As the groundbreaking analysis of Britain’s oldest skeleton recently revealed that the first modern Britons, who lived about 10,000 years ago, has dark or black skin.

Fight Not for Being a Black or White

Those who divide the world on the basis of complexion as black or white, this news is a kind of shock for them. As the groundbreaking analysis of Britain’s oldest skeleton recently revealed that the first modern Britons, who lived about 10,000 years ago, has dark or black skin.

The fossil upon which the research is based is known as Cheddar Man and it was discovered in 1903 in Gough’s cave in Somerset. From then on an intense curiosity has built up around Cheddar Man’s origins and appearance because he lived shortly after the first settlers crossed from continental Europe to Britain at the end of the last ice age. The white Britons today can trace their roots back to descendants of these people.

Initially it was perceived that the Cheddar Man had a pale skin and fair hair, but recently his DNA revealed a different picture, which strongly suggested that though he had blue eyes, but a very dark brown to black complexion and dark curly hair.

The discovery, DNA analysis and facial reconstruction by a team of scientists from the Natural History Museum and University College, London proved that the genes for lighter skin became widespread in European populations far later than it is originally thought and it also suggests that a person's geographical origin was not always associated with the color of their skin. 

Yoan Diekmann, the lead researcher in the project has said “The Cheddar Man's genetic profile places him in a wider population than England, He belonged to western hunters gatherers from Spain, Luxembourg, Germany there are even traces to the Middle East and today 10% of our ancestry can be linked to this population.

Although the man lived in the middle Stone Age, before the discovery and development of farming, the research also explained that these men had dogs, lived in small communities and were very sophisticated of their time.

The team that analyzed Cheddar Man was able to extract a full genome set from fragments of his skull, which revealed all this facts. “I first studied 'Cheddar Man' more than 40 years ago, but could never have believed that we would one day have his whole genome”, Chris Stringer, a researcher at the Natural History Museum, said in a statement. “To go beyond what the bones tell us and get a scientifically based picture of what he actually looked like is a remarkable achievement.”

Thus even our first-known modern Briton has a multi cultural background, with a family heritage from African hunters and farmers of Middle East to Scandinavians nomads.

As nomads, wandering was also embedded in his genes. The tribal people who crossed Doggerland as it was later flooded by melting glaciers and led a harsh subsistence existence as hunter-gatherers who migrated with the seasons, fishing with harpoons, hunting red deer and wild boar with spears, and bows and arrows, and foraging for wild food such as hazelnuts and berries.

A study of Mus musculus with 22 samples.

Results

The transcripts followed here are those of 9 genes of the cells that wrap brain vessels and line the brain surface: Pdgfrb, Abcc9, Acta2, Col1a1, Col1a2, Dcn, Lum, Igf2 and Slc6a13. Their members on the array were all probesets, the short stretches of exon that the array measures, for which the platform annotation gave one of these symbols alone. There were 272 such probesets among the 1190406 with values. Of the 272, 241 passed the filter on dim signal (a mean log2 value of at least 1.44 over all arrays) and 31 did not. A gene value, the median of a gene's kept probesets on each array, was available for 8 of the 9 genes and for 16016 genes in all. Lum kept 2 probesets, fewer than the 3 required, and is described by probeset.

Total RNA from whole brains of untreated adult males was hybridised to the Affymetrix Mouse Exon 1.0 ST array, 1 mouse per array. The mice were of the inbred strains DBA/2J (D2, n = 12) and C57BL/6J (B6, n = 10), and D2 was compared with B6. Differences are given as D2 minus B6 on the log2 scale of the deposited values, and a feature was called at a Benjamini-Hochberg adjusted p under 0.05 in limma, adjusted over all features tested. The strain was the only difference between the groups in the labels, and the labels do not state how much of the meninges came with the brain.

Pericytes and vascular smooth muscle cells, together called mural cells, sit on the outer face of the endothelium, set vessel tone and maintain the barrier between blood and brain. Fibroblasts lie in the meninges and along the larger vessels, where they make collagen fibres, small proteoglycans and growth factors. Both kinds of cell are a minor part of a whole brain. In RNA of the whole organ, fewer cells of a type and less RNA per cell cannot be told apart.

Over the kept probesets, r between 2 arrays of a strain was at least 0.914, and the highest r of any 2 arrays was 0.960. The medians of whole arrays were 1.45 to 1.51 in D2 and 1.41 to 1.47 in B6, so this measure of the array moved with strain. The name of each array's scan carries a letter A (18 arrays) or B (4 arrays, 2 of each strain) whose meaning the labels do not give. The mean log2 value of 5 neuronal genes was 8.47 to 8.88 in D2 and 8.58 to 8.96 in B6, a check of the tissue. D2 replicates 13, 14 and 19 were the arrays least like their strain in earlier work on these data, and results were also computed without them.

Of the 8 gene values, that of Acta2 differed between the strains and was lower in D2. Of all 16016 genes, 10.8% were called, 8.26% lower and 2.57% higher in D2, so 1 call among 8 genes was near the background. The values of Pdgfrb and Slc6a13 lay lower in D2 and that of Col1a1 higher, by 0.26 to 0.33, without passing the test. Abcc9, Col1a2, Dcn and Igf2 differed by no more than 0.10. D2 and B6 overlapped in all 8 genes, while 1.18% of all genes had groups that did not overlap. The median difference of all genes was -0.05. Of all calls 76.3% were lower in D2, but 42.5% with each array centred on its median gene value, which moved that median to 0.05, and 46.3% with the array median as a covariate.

As the Northern glaciers and ice sheets began to melt, they were flooded out of their roots and traditional hunting grounds and forced on to the higher ground in what is today’s England and the Netherlands during a period known as the Mesolithic Era or Middle Stone Age around 8,000 BC.

Cheddar Man’s ancestors apparently just kept on walking southwest until they arrived in what is today Somerset. There they called a halt to their wanderings.

This nomadic community certainly had the place to themselves. Although ancient humans are known to have lived in Britain far earlier at least 900,000 years ago all previous colonies had died out during a series of ice ages. The population of the British Isles at this time was about 12,000.

Thus, these first true modern Britons were exploring uninhabited territory in the West Country a place they could call their own, sited around an ancient gorge with numerous caves for shelter, fresh water springs and surrounded by dense forests where they lived about 1,000 years before hunter-gathering began to give way to farming.

It is no surprise Cheddar Gorge remains Britain’s prime site for Paleolithic human remains. Cheddar Man was buried alone in a chamber near a cave mouth. As such, the analysis provides valuable new insights into the first people to resettle Britain after the last Ice Age.

The analysis of Cheddar Man's genome - the "blueprint" for a human, contained in the nuclei of our cells - will be published in a journal and First Brit: Secrets of the 10,000 Year Old Man will air on Channel 4 on February 18. To clear all hatred of being Black or White.